Original news release was issued by the Colorado State University, written by A. J. Manning.
Two-photon excitation microscopy was first observed in 1961. Although it was first theorized about back in 1930s, only the invention of laser made it possible. Then it had to wait another thirty years, when in the 1991 it was perfected as living tissue imaging method. Until recently, there have not been major improvements on this method within the field of optical microscopy. Now, an innovative technique was used by researchers from Colorado State University. To better understand this, one has to dive into the recent developments surrounding microscopes.
The last major breakthrough happened in 2014, when the Nobel Prize in Chemistry was awarded to a team responsible for super-resolved fluorescence microscopy. This was an important change as it went past the standing limits of light diffraction – a key measure in microscopy. Diffraction of a wave as a phenomenon can be observed the easiest with a sound coming through, let’s say, a door. With light, it is a bit different, as we do not normally perceive it. We see a shadow and assume the light did not diffract. But it does diffract, as we now know that light also behaves as a wave.
In the field of microscopy, the humanly-imperceivable levels of diffraction can destroy the whole image. That is why the scientists are trying hard to limit it as much as possible. Optical microscope could reach the unprecedented level of resolution using fluorescence instead of more traditional reflection or absorption, as shown by the winners of the 2014 Nobel Prize in Chemistry. The CSU team is using this technology where a specific wavelength is emitted on the object, which either has the needed properties (otherwise a dye is added) and the light returned has a much longer wavelength, limiting the diffraction.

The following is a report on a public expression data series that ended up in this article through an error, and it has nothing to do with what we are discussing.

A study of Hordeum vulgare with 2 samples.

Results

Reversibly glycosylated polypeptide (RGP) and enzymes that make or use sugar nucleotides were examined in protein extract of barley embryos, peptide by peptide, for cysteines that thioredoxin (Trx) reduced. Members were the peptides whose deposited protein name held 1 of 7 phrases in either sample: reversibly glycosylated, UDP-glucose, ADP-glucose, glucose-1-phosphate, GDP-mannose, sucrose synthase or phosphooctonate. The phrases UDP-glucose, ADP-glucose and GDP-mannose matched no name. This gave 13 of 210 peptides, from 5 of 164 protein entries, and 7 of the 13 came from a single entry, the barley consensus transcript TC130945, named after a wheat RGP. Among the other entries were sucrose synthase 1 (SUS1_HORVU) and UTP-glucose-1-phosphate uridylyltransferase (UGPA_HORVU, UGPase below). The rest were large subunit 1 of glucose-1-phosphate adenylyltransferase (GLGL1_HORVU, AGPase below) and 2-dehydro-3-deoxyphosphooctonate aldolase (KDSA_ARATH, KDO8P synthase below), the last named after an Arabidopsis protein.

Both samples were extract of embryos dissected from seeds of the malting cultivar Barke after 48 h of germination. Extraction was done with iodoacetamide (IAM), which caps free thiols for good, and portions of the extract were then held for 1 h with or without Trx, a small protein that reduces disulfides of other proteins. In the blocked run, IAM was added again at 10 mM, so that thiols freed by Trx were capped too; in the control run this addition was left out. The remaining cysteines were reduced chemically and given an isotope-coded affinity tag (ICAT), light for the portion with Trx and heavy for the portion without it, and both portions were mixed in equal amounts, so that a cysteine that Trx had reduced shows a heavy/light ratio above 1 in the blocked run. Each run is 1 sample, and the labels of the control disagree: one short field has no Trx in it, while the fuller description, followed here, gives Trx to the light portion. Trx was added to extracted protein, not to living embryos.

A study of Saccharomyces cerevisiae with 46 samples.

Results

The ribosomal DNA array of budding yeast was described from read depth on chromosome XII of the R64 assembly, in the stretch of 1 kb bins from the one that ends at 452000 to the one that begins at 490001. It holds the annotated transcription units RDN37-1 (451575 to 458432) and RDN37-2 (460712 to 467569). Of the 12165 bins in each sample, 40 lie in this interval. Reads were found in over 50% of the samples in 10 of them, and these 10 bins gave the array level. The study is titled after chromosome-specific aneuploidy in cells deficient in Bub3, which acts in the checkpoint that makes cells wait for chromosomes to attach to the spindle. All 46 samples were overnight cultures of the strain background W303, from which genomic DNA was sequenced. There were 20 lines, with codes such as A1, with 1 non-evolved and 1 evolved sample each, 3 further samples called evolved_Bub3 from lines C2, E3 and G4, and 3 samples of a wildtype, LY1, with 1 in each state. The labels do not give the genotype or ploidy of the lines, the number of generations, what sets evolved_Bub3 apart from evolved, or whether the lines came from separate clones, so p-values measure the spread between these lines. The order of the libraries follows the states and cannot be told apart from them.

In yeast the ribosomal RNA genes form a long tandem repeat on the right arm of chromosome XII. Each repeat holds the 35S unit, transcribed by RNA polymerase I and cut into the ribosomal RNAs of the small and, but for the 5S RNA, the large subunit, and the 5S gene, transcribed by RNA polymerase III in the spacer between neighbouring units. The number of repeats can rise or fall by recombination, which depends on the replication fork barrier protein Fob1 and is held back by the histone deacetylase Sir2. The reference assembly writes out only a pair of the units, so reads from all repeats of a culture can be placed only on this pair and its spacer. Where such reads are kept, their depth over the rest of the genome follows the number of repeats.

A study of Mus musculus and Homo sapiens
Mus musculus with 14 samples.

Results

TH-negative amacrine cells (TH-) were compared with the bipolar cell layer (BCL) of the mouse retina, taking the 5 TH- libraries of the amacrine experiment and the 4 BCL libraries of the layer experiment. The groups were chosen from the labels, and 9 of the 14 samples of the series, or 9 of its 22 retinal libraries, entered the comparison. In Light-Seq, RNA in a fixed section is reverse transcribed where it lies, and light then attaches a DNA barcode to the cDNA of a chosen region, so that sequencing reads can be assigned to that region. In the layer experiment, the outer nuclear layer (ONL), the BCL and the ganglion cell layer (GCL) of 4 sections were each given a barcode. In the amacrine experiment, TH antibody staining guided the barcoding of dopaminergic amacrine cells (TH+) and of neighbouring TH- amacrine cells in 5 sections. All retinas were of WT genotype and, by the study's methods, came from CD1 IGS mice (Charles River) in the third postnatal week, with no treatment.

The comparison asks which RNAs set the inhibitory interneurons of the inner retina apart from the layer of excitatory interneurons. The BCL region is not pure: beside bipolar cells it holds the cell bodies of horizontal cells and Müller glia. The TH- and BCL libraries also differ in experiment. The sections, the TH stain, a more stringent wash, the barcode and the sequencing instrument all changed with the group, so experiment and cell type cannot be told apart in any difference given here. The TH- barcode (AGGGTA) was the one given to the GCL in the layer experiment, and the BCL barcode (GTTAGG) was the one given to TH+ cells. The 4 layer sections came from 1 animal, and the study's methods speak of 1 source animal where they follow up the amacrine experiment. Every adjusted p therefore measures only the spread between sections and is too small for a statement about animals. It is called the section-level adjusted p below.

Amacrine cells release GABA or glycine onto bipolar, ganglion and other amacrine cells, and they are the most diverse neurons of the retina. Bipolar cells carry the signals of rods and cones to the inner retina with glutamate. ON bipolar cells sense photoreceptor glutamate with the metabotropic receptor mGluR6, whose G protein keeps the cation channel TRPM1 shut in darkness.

The other method used at CSU is called second-harmonic generation. This means the two photons are destroyed, creating a single photon with a higher frequency. The aforementioned methods are often used with one another, but team from CSU pushed the limits a bit further, making their custom microscope capable of using the two methods simultaneously for creation of a single image. The result is an unprecedented resolution achieved by an optical microscope.
Besides the obvious benefit of higher resolution, the microscope still allows for an imaging on whole living organisms, there is no need for glass slides as with most super-resolution techniques. “If we can do this below the surface of a biological sample such as live tissue, that is the utility of this,” Randy Bartels, professor in the Department of Electrical and Computer Engineering, said. “We can beat the diffraction limit of a canonical two-photon microscope.” The far reaching implication of the CSU’s microscope project a bright future, in which doctors could obtain more biological information with a less complicated procedure.